Sport Exchange, a new Wales-headquartered sports ticketing and marketplace platform, has been launched to cater to fans globally and support grassroots sports.

The new platform includes ticketing and VIP event passes, as well as a space online to watch all varieties of sports and a marketplace with more than 1,000 brands.

The Welsh firm has vowed to donate a portion of their revenue to develop grassroots sports and increase participation locally.

Eifion Weinzweig, the founder of the site, wanted to help grassroots sports attract a larger audience, in addition to providing one place for fans to access all things sport.

Sport Exchange is supported by AgorIP, which brings academics, clinicians and businesses together to support research into technologies with the support of Swansea University, and the European Regional Development Fund through the Welsh Government.

The new organisation already has partnerships with a number of sports federations, including the Royal Dutch Cycling Federation and Danish Cycling, Italian Serie B football teams and European ice hockey teams.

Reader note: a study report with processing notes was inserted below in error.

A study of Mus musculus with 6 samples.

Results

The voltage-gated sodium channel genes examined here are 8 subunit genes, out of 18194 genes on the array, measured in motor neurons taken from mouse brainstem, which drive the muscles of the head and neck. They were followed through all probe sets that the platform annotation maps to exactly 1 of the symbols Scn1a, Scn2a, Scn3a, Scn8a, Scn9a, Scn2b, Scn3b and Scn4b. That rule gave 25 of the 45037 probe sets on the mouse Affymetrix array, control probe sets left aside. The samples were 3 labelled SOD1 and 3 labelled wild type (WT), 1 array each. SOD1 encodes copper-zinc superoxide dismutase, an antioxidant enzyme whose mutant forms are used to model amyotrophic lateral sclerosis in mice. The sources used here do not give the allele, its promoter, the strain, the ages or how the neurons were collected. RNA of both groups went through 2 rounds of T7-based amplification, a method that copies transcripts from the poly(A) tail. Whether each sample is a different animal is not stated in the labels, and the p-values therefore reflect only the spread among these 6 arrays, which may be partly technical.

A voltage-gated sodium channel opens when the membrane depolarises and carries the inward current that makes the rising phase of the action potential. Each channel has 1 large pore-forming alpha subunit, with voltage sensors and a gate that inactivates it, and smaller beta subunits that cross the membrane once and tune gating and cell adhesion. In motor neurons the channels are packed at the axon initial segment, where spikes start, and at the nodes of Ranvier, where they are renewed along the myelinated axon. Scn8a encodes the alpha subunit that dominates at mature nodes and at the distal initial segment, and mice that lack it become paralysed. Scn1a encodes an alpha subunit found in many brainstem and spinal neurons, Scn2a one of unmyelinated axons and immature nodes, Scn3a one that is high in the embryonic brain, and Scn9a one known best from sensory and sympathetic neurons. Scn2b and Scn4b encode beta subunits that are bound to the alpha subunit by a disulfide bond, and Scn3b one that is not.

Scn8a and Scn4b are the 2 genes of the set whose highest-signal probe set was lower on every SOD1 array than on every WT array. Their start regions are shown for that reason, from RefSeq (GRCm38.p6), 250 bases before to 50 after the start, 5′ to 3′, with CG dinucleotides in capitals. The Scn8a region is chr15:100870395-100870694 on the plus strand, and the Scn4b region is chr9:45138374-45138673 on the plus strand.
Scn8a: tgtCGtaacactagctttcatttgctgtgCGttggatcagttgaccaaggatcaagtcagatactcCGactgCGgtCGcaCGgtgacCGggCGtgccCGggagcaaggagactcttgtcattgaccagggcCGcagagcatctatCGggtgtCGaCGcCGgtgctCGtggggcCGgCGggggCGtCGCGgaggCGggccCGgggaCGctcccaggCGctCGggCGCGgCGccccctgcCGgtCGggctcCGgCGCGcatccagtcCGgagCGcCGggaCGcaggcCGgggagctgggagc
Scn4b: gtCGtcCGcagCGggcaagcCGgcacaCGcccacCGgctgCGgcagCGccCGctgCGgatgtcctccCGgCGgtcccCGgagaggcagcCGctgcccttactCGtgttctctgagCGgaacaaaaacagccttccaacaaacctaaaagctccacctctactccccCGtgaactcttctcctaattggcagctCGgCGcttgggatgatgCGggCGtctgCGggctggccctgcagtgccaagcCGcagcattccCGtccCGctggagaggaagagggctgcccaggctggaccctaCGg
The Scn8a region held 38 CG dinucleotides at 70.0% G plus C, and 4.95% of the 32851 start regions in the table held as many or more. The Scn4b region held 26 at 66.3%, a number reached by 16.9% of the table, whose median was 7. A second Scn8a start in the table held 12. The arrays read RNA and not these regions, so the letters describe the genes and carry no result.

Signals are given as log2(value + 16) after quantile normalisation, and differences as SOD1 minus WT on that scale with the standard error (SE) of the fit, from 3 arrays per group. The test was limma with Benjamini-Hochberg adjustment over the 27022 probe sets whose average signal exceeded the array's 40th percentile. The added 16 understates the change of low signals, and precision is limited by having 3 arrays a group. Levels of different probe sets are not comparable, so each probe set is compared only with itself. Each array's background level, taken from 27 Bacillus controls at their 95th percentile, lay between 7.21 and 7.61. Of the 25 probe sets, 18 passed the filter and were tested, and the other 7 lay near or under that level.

It is also in partnership talks with several Olympic Federations in the lead-up to the 2020 Olympic Games in Tokyo, and is working closely with professional football teams in Italy, the UK and Asia.

The platform offers a three-tier subscription service ranging from bronze to gold which include varying levels of access to stream live sport, buy VIP tickets and obtain product discounts.

Weinzwig said, according to Business News Wales: “We work with federations around the world to provide value to their members. By working with commercialised sports in the countries we operate in, we are promoting many different sports in one place, giving some sports a far bigger outreach than usual.

“We have a growing database of subscribers from seven countries in Europe and expanding into Asia in Q2 of 2020. Some sports don’t have the database engagement that we have generated, so what we are doing bring more people into certain sports, and helps those sports attract new sponsors.

“It’s difficult at the moment to see where the sports economy is going. We know that government and lottery funding for sports federations in their respective countries is declining, so by working directly with those sport organisations, we can help out, especially with grassroots sports.”